Nicki Ebel ().
Nicki Ebel ().

By Pierre LaBossire

Observer Staff Writer

The Second Annual Solstice Triathlon set for Saturday in the mountains, above La Grande, attracts all sorts of athletes from states all over the Pacific Northwest.

But one of the things all the athletes have in common is that they'd be serious about what they're getting into when they come to Morgan Lake.

La Grande's Nicki Ebel and Mary Ellen LaBerge are at opposite ends of the spectrum of the kinds of athletes drawn to triathlons.

Ebel will be participating in her first triathlon and admits being worried that she might be "way out of my depth." LaBerge, who helped organize the formation of this triathlon, is a veteran of many triathlons and marathons, particularly in Alaska. LaBerge also points out that Ebel has been doing great in her training.

Ebel doesn't have a goal of finishing in a certain time or place. She is simply hoping to finish, period. (Ebel added she wants to finish without having to stop on the steep hills, but she was told numerous people last year had to get off their bikes on some hills and push.) Meanwhile LaBerge, who trains with her dog Maggie, says she's "in it for the fun of it."

Ebel decided to try out the triathlon as a goal to help her get back in shape after being pregnant (she gave birth to her fourth child, Callum, in November).

She said she had some swimming experience, but was new to the cross country running and mountain biking. She's gained the confidence that she can handle the distances involved in this triathlon. "It's not the distance, it's the terrain that's the challenge," she said.

While the rugged terrain is tough, she's finding herself more and more enthusiastic about the training.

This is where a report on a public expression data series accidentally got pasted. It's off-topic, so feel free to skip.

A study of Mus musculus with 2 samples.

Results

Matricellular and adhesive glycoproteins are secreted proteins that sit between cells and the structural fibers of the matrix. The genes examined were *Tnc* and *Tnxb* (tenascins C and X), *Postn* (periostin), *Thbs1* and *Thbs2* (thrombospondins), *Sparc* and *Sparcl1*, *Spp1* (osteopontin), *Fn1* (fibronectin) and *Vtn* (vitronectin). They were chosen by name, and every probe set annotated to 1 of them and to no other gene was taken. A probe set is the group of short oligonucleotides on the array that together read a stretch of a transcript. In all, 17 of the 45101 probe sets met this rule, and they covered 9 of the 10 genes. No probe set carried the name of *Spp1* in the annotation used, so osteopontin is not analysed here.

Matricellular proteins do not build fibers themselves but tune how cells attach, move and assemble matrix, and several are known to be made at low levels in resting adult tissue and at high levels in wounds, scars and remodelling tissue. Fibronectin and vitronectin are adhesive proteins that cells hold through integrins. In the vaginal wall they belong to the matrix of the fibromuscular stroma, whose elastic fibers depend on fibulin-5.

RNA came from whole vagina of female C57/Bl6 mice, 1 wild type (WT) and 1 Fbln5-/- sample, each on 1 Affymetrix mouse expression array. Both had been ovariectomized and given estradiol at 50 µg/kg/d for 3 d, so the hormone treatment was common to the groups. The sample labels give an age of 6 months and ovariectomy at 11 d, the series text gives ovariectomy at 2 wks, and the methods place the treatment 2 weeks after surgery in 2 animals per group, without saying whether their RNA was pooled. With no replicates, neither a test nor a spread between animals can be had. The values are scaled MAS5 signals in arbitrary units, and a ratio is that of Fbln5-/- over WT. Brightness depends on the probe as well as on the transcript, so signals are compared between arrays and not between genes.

"I enjoy the riding aspect. I don't want to run or cycle on roads anymore," she said.

"I'm pretty hooked," she said, adding jokingly, "maybe I won't be hooked after the triathlon."

LaBerge agreed that the distances are not that daunting. The swim is one kilometer, the bike ride is 20K and the trail run is 10K. But, because of the elevations ranging from 3,000 to 5,000 feet and rough terrain, many triathletes have told her "it's as depleting" as longer triathlons. She said other than a triathlon in Bend, there isn't anything like this event in Oregon, and because of the unique nature of the race, the event is part of the XTERRA Points Series.

LaBerge said that when James Hasse, one of the triathlon co-organizers, designed the course last year, he put together a more challenging route than expected on trails and old roads winding through and up and down the Blue Mountains. At first, she thought, "no way in hell people will do this."

After competitors were asked to evaluate the triathlon last year, they registered some complaints that the running and mountain bike courses were too technical. But, LaBerge said that almost to a tee, they added, "don't change a thing.

"They were saying, ‘it's very difficult, but we like it,'" she said.

LaBerge said some of the competitors were concerned about the condition of Morgan Lake before last year's inaugural event, but later said the water was perfect. Ebel said she is overcoming a mental block of swimming in Morgan Lake. "I was imagining the fish swimming right past you," she said.

Ebel said one of the reasons she's been able to train for the event is the encouragement of her husband, Dave, and three older boys, Joshua and Bryce, both 5, and Michael, 3.

"You have to have the support of the rest of your family," she said. She added that Joshua and Bryce understand she's training very hard for a difficult race, though they "don't really have the concept that it's not a race. They keep asking me if I'm going to win."

LaBerge said competitors will come from all around Oregon, Washington, Idaho, Nevada, Colorado and California. She said triathlon organizers are trying to get more locals involved, especially local men. "There's a great group of local women beating ourselves up out there," she said. "It just takes heart and guts."